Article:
China’s Madushan Dam opened its floodgates for eight hours on August 20, prompting Vietnam's northern localities to take precautions over rising water levels in the Red River.
Authorities in the border province of Lao Cai expressed concern that the water level could rise to alarming levels, VnExpress reported.
China's Hekou Yao County announced recently that the Madushan Dam would open its floodgates from 9 a.m. to 5 p.m. on August 20 as heavy rains had caused the dam to reach its maximum capacity, said Vu Van Cai, Director of the Department of Foreign Affairs of Lao Cai province. He cited a communication to this effect from the Hekou Yao Department of Foreign Affairs.
|Vietnam's northern localities have take precautions over rising water levels in the Red River. Photo: Thanh Nien (Youth)|
The amount of water discharged has not been confirmed by Chinese authorities, Cai said.
"They did not provide a specific number, only saying that water levels in the Red River would be higher than what it was on August 18. This morning (August 20), the water level in Lao Cai Town was 80.2 m," he added.
As of August 20 afternoon, a Chinese station about 80 km from the Vietnamese border observed the water level slowly rising, according to Vietnam’s National Center for Hydrometeorological Forecasting.
However, considering the dam's capacity to hold around 550 million m3 of water, the impact of the water discharge would not be too significant, said Tran Quang Hoai, deputy head of the Central Steering Committee for Natural Disaster Prevention.
|Tran Quang Hoai, deputy head of the Central Steering Committee for Natural Disaster Prevention. (Photo: VOV)|
Nevertheless, provincial authorities have requested districts and communes located along the river, including Lao Cai Town and the districts of Bao Thang and Bao Yen to stop fishing activities and waterway traffic, and to deploy flood prevention measures.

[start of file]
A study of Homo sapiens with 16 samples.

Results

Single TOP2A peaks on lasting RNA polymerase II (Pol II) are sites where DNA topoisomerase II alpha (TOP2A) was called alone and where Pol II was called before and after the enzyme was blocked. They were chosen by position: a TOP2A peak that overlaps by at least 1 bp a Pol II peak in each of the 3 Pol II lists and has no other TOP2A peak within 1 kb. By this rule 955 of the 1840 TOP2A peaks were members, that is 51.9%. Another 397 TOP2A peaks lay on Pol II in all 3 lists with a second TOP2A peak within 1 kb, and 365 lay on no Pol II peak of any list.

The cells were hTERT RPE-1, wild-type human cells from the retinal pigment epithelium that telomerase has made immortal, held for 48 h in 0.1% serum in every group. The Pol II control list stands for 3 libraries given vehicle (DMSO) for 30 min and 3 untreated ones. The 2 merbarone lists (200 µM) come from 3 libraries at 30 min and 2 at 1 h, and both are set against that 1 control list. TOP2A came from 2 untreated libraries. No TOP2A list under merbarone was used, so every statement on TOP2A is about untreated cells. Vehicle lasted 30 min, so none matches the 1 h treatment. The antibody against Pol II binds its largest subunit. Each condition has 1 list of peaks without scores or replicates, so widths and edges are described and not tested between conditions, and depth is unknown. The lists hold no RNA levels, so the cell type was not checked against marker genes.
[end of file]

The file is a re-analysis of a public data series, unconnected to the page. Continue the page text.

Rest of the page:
Other northern Vietnam localities, including the provinces of Yen Bai, Phu Tho and Vinh Phuc as well as the capital city of Hanoi should also closely monitor the situation to prevent flooding and landslides, evacuating vulnerable people if necessary, the Central Steering Committee for Natural Disaster Prevention said on August 20.
The Madushan Dam, in China's Yunnan Province, has a capacity of 300 MW and is about 350 km from Vietnam's border.
The Red River, over 1,100 km long, originates in China and runs through Lao Cai, Yen Bai, Phu Tho, Vinh Phuc and Hanoi. The river section that flows through Vietnam is about about 510 km long.
Heavy rains continue to hit the north
|Hong Ha ward, Yen Bai province. Photo: baoyenbai.com.vn|
Heavy rainfall is expected to pound the northern region for the next two days, with rainfall expected to be between 50 and 150mm due to the impact of typhoon Higos, the fourth typhoon this year, the National Hydro-meteorological Forecast Centre said.
From August afternoon, some areas of Cao Bang, Bac Kạn, Lang Son, Ha Giang, Tuyen Quang and Thai Nguyen provinces and the northwest region are expected to see 100 to 200mm of rain accompanied by strong winds, lightning and whirlwinds, Viet Nam News said.
Flash floods, landslides and flooding are predicted to hit Son La, Hoa Binh, Dien Bien, Lao Cai, Thanh Hoa, Nghe An, Ha Tinh and Quang Nam provinces.
|Floods hit Nam Po district, Dien Bien province on August 18. Photo: Sai gon Giai phong (Liberated Saigon)|
Due to the impact of the southwest monsoon, the Central Highlands and the southern region are forecast to experience showers, thunderstorms and even heavy rain in the afternoon and evening.
The centre has also warned of possible whirlwinds, lightning and strong winds.
Floods and landslides triggered by torrential rains in northern Vietnam have killed seven people and injured another four since August 17. The houses of around 1,000 families have been damaged and many households have been evacuated to safer ground.
Natural disasters, including drought, floods and landslides, killed 133 Vietnamese citizens last year and caused losses of around VND 7 trillion (USD 302.6 million), according to the Ministry of Agriculture and Rural Development.
In the first half of this year, natural disasters including drought, flooding and landslides, killed 47 people and inflicted damages of VND 3.3 trillion, statistics show./.